Thursday, 23 June 2011

12:37 Old Brown Shoe


I SAID SHOE!...oh, never mind...

I'm going to deviate from my normal M.O. and post on a couple of songs at the same time. I'll continue with Something soon but let's pause to examine George Harrison's curious footwear.

It's interesting that Old Brown Shoe was recorded directly before Something as they're kind of peas in a pod. Both songs break all kinds of rules but one pulls it off in breathtaking fashion. And the other one is Old Brown Shoe.

It's too much of a good thing. There are numerous tickets to write on display here but they combine to make a really bad song. All the right ingredients but instead of a cake you get an inedible frisbee of death.

It's not difficult to say why this song is so bad. It's just difficult to say why Harrison does a lot of the same things wrong in Something and gets away with it.

But here's a couple of examples.

Putting a foot wrong

Staying off the root (Ticket 6) is a great way to increase some freshness and movement into tired chord progressions. But here we only get the root chord (C) for the first 4 bars of a 16 bar verse. We end on the Am (The Aeolian cadence - Ticket 10). The chord he uses as a root is itself an unsettled 7th chord. The root doesn't appear at all in the bridge (the only other section of the song). We also (as always) have multiple out of key chords (Ticket 28) but hanging on them for several bars at a time increases the tonal uncertainty. The melody makes things even worse by being based largely on the minor pentatonic instead of following the chords (Ticket 22).

So instead of starting somewhere unfamiliar and then heading for home She Loves You (intro) or heading out the front door then taking a quick detour Here Comes The Sun (bridge) we just wander around lost with a sharp stone in our old brown shoe for the full 3 minutes.

The most glaring weirdness in this song is the loping off beat drum part. Ringo was a genius (yes I did call Ringo a genius – deal with it) at coming up with fresh and inventive parts (even without McCartney's help). But messing with the beat means not only have we lost the root, we've lost the 'one' too (no pun intended).

Contrast this track with weird metre/syncopated songs by Led Zeppelin. The weirder the riff, the more likely you are to find John Bonham playing a solid AC/DC approved 4 to the bar (The Ocean, Kashmir, Black Dog). I don't blame Ringo though. No drum beat could have saved this song.


Lastly the lyrics are really poor. Harrison sometimes displayed a really cynical shoddiness when it came to lyrics and that's what we have here.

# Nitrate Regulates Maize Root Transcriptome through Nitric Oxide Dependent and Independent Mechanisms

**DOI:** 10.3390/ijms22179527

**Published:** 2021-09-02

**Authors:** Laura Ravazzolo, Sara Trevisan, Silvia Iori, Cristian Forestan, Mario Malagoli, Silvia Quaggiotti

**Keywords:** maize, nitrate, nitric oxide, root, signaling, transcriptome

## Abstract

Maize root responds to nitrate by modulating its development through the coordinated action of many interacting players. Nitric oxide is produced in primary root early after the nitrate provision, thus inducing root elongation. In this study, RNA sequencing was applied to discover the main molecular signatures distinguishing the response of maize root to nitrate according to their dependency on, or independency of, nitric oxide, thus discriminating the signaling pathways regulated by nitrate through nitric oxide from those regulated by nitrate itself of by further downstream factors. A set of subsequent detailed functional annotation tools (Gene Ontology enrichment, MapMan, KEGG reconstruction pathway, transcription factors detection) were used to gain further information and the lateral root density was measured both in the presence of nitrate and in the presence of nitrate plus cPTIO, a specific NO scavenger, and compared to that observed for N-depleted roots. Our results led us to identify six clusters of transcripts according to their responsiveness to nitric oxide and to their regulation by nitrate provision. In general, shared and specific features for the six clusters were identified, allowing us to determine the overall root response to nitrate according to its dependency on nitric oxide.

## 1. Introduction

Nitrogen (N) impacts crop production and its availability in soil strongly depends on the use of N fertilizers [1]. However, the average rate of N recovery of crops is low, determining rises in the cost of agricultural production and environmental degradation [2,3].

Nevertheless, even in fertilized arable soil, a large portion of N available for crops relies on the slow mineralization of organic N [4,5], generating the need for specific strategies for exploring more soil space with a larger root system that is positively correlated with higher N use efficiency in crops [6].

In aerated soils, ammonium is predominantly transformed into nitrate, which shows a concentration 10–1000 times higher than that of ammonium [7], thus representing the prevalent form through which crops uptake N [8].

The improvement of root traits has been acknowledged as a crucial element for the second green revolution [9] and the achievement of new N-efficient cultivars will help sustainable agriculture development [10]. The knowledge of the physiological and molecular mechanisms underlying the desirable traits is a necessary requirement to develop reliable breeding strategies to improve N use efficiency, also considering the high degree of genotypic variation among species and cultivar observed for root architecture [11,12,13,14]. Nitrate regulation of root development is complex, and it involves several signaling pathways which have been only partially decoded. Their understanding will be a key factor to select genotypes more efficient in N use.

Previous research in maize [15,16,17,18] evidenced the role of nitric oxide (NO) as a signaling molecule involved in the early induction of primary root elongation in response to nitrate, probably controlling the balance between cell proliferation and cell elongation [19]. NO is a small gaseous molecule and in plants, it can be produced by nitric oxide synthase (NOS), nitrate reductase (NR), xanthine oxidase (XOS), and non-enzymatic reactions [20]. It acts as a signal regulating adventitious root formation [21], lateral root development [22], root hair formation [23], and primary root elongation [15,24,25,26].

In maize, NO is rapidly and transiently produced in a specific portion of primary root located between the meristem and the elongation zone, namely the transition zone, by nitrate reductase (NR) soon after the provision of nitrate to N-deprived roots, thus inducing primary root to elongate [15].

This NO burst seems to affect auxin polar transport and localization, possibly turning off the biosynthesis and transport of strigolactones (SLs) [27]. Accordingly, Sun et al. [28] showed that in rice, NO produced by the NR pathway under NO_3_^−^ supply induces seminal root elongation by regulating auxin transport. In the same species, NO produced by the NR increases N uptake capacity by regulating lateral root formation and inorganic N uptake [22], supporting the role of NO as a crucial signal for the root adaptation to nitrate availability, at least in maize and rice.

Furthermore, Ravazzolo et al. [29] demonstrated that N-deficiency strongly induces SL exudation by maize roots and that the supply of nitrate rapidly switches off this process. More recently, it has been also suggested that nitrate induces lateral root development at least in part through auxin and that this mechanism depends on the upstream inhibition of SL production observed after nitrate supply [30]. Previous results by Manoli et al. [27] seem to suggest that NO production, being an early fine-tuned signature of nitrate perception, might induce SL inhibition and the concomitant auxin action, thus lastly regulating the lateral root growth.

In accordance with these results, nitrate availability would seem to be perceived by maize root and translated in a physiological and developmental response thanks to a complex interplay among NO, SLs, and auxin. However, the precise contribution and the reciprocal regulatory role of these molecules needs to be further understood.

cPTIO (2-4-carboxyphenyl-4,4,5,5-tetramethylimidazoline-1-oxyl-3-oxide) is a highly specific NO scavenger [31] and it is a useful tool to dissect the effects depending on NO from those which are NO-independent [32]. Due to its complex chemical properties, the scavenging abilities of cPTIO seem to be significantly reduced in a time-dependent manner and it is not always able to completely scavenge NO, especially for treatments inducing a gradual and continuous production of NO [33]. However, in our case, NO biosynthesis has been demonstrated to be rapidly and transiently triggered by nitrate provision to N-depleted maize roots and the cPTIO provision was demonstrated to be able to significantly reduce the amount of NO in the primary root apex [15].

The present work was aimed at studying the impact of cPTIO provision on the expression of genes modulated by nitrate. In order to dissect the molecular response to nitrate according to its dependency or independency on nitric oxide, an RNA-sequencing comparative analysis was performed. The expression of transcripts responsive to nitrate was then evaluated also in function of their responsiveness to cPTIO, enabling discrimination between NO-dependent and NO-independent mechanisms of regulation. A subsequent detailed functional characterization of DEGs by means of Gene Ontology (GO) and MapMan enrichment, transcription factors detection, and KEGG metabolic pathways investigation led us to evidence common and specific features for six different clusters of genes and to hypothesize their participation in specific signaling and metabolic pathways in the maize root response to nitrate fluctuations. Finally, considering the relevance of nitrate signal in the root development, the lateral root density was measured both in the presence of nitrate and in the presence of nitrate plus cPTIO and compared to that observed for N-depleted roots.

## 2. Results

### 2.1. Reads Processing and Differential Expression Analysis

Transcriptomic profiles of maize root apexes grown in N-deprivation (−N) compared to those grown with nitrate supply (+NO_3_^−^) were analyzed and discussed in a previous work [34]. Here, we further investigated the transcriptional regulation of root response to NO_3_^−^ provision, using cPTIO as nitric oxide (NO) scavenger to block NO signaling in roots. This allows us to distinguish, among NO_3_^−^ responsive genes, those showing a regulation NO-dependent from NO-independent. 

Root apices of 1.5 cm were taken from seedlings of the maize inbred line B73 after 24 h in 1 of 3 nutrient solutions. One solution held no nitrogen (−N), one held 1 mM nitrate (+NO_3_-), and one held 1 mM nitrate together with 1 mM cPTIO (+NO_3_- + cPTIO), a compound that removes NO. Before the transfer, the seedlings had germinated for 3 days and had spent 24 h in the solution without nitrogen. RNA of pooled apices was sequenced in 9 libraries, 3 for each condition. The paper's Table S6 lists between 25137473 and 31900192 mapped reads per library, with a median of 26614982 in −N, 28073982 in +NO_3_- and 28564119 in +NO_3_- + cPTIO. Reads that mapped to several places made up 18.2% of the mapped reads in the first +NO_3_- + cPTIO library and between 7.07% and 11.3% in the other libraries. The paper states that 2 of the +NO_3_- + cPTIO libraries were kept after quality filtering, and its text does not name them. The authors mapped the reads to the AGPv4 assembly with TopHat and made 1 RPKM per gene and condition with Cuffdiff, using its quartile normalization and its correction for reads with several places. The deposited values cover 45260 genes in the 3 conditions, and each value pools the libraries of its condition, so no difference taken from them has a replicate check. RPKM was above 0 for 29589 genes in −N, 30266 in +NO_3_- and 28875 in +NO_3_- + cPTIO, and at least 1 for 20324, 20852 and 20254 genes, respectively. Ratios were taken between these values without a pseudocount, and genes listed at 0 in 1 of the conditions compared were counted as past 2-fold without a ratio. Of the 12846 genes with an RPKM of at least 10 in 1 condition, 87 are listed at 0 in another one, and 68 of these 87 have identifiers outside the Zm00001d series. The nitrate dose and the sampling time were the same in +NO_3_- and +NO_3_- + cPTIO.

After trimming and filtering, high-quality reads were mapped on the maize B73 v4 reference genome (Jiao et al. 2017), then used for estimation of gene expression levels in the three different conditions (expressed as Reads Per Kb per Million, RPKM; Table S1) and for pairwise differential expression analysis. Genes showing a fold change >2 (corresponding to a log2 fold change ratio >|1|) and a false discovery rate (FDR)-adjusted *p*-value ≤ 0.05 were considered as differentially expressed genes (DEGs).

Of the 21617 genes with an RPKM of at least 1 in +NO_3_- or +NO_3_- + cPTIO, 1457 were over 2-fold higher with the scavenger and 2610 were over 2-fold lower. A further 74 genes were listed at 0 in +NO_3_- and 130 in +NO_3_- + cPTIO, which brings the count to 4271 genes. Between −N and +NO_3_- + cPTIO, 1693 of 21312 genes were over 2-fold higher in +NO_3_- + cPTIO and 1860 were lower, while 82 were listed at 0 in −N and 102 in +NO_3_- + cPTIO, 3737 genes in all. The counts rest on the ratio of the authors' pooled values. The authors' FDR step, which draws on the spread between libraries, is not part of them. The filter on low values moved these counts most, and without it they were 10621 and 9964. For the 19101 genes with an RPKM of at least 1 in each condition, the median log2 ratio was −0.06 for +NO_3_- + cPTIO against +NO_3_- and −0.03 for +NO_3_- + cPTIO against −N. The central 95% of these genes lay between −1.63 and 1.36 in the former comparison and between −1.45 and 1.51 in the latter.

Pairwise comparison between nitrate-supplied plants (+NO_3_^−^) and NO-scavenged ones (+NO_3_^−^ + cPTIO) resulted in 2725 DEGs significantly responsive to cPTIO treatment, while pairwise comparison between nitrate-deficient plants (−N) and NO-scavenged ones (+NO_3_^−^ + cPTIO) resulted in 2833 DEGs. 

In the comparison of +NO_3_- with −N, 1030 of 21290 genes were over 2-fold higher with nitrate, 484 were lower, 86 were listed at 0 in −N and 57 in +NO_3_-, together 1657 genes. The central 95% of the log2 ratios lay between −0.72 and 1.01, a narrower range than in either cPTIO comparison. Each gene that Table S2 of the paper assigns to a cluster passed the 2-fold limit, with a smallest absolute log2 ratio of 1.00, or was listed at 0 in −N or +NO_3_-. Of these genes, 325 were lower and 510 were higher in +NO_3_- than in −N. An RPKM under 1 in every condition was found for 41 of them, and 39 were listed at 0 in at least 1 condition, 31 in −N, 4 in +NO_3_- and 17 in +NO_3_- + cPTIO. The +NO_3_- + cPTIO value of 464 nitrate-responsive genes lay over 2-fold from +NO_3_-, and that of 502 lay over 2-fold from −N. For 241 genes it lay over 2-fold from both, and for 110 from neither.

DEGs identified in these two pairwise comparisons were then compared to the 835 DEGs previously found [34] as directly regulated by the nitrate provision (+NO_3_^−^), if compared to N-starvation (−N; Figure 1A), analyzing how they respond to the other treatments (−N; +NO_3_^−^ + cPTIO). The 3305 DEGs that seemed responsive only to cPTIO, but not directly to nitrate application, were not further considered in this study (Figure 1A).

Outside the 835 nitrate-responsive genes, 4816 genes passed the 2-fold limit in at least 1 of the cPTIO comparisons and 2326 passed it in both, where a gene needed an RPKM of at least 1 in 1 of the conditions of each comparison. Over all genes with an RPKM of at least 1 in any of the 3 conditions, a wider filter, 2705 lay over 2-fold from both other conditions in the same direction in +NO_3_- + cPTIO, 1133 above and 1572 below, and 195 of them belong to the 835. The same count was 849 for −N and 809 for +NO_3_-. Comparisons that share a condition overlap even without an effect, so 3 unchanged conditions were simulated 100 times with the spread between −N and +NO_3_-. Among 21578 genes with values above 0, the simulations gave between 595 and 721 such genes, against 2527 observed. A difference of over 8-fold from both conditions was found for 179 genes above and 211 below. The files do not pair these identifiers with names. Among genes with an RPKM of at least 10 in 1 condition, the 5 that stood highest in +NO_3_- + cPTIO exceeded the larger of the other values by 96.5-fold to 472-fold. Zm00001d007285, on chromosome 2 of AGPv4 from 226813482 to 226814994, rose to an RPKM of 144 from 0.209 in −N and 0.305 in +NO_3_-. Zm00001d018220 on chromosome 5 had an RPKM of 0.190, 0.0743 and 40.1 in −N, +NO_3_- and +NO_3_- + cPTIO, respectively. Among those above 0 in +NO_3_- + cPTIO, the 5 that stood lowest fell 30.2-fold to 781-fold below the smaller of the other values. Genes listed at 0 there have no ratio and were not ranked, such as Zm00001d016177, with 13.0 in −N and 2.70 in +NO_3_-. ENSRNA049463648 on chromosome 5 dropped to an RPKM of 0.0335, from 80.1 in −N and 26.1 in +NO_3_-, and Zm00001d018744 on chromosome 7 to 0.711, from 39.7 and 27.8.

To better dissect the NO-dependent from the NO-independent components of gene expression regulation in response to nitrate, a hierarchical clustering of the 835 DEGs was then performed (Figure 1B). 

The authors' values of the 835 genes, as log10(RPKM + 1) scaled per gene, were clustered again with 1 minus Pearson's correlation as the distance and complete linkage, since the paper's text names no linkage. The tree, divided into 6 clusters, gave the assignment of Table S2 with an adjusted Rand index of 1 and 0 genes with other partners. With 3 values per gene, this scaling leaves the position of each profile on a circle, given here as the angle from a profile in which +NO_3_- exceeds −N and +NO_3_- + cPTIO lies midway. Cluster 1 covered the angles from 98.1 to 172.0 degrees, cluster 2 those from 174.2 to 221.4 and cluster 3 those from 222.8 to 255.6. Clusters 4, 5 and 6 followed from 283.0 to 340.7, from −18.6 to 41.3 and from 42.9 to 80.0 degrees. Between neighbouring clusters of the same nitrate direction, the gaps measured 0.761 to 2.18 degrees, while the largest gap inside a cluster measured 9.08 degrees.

There are some interesting lines - right is only half of what's wrong, but I'm stepping out this old brown shoe? What does that mean? 'Out OF'? Has he moved in with the old woman who lived in a shoe? Or 'out IN'? What happened to his other shoe? And don't get me started on being in the queue for her sweet top lip. What's wrong with her bottom lip? Does she even have one?

The song is crammed full of lines that are not only vague, stupid or nonsensical but also really clunky and awkward sounding. The former is a minor infraction in pop music. The latter is unforgivable.

won't be the same now, when I'm with you
Not worry what they or you say
pick me up from where some try to drag me down
To miss that love is something I'd hate

This song hurts my feet.

The guitar solo is brilliant though...

5 comments:

  1. Haha, I always thought this was one of the clunkiest, worst Beatles songs. Now I feel affirmed. Did you already do Revolution 9 as well? That one had some weird experimentation, like with chords played over other chords, which would be interesting from a theory perspective.


    I agree, the lyrics leave something to be desired, but I love Ringo's drumming (yes, he is a genius) and the wonky beat. From a songwriting perspective, the song sucks. From an emotional listening perspective, it's one of my favourite Beatles tunes.

    And BTW it's "Geordie", not "Georgie".


    Geordie - thanks for the gracious comment. I'm aware that every song is someone's fave. Please let me know what you like about this tune, I'm genuinely interested - especially if it's something that I've missed.

    And sorry about the name change. That was a genuine 'typing in a hurry mistake' rather than getting your name wrong.

    First of all, I'll say it again; I like Ringo's off-kilter drumming. I feel it moves the song forward at a nice lope, if you know what I mean. It's more interesting than straight 4/4 banging.
    Paul's bass during the "When I grow up I'll be a singer..." bit (about 1:10 or so) grabs my attention.
    I think the background vocals really add to the tune, especially the "Doo-ah, doo-ah-do" bit at the end that echoes the guitar bits between the lyrics.

    Mostly, though, it sounds as if they're having fun, something that is missing from a lot of later Beatles songs.


    OK google sends me an email.

    Thanks for taking the time to respond with examples. Yes it does sound like an oasis of fun in a desert of misery. Speaking of which, I'm nearly onto Let It Be!!!!